Stars & Bars: Wading In

There's been a lot of talk lately about the Confederate flag, how evil it is, how the people who wave it are all bad, and how it must come down.  I know some of those people who love that flag, and I feel bad for them.  I feel bad for them because society doesn't understand them, and society ignores them when they try to speak up.
I'm blessed to be a part of a wonderful organization called the American Civil War Association.  We don't glorify war, we don't fantasize about the CSA defeating the Union, and we certainly don't glorify the Confederacy.  We strive to offer an honest portrayal of the men & women who lived and fought on both sides.  I have some very good friends who dress up as Confederates and wave the battle flag, and I've even done it myself.  So when these people get villified by the mainstream liberal media, it pains me.
Please don't misunderstand me: I am as liberal as they come.  I'm a Jewish, hybrid-driving, San Francisco Democrat.  I bleed blue.  But in these polarized times, both sides are accostomed to demonizing the other, and there's very little desire to see the other side.  (In fact, a recent study showed that conservatives actually understand the liberal position better than liberals understand the conservative position.  Liberals like to think of ourselves as enlightened, but we understand less than we think we do.)
So, why do my crazy right-wing friends put on grey and fly a Confederate battle flag?  Some do it simply because it has to be done - it wouldn't be a very fun reenactment if everyone showed up wearing blue.  Some wear grey because the reenactors on that side of the battlefield have more fun - they are more relaxed, friendly, and have better parties around the campfire at night.  Some portray the Confederacy out of respect.  It doesn't mean they agree or support anything that the Confederacy stood for, although we have had many healthy discussions about states rights - a legitimate debate that continues across the country today.  Even though the Confederacy engaged in armed insurrection against the United States, its army was ultimately made up of men who honestly believed in what they were doing, and many of them gave the ultimate sacrifice for it.  Were they hoodwinked by a small wealthy slaveholding elite who didn't have their best interests at heart?  Yes, but that doesn't mean we can't respect the men (and women) who served, or their sacrifice.  The bible teaches us that even though we may rejoice in victory, our gladness is lessened by the suffering of our enemies.  We honor the victims of Hiroshima and Nagasaki.  Why not honor the victims of Atlanta?
All that said, taking down the flag from the South Carolina capitol building is still the right thing to do.  Why?  Because the flag pole of an active government building is not an historical reenactment.  It is a statement of government policy, belief, and intent.  I know how I'd feel if they flew the battle flag of the Wehrmacht.  (I'd burn the building to the fucking ground.)  What we put up the poll matters.  The Confederate battle flag still has value as an historical relic, but the symbol of armed insurrection against the United States government is not an appropriate thing to fly on a government building, ever.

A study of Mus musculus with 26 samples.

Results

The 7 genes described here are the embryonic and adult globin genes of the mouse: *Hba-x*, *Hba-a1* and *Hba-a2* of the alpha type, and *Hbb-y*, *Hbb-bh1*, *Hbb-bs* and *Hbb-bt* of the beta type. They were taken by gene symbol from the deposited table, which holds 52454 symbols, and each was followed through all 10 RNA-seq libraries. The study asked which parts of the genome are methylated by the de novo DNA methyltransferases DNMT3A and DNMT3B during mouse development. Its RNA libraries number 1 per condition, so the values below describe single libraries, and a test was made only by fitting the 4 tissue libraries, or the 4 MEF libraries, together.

What about Walmart and the Apple app store?  They can do whatever they want.  This may come as a surprise, but the 1st Amendment doesn't apply to private corporations.  You don't have a "right" to demand that a store sell you something.  They have the right to sell, or not sell, as they see fit.  Ultimately, that has nothing to do with social policy and everything to do with capitalism.  In this country, anyone can sell (or not sell) anything they want, and the market will choose to reward the seller as the market sees fit.  It was silly for Apple to remove Civil War battle sims from their app store, but let's be honest, the app store has always made embarassing blunders.  As for Walmart, please don't think for a minute that their decision had to do with anything other than capitalism.
I'd like to come back to my Confederate reenactor friends.  Friends, please keep flying your Confederate flags.  I know you, I know you're not white supremacists, you hold no hate in your hearts, and you sure as hell never wanted to see nine black people die in a church.  I know it pains you that your historical relic has been used for such hateful purposes.  And I sincerely hope we can agree, as Republicans and Democrats are now agreeing across this great land, that the flag of insurrection does not belong on the flag pole of any government building in these United States of America.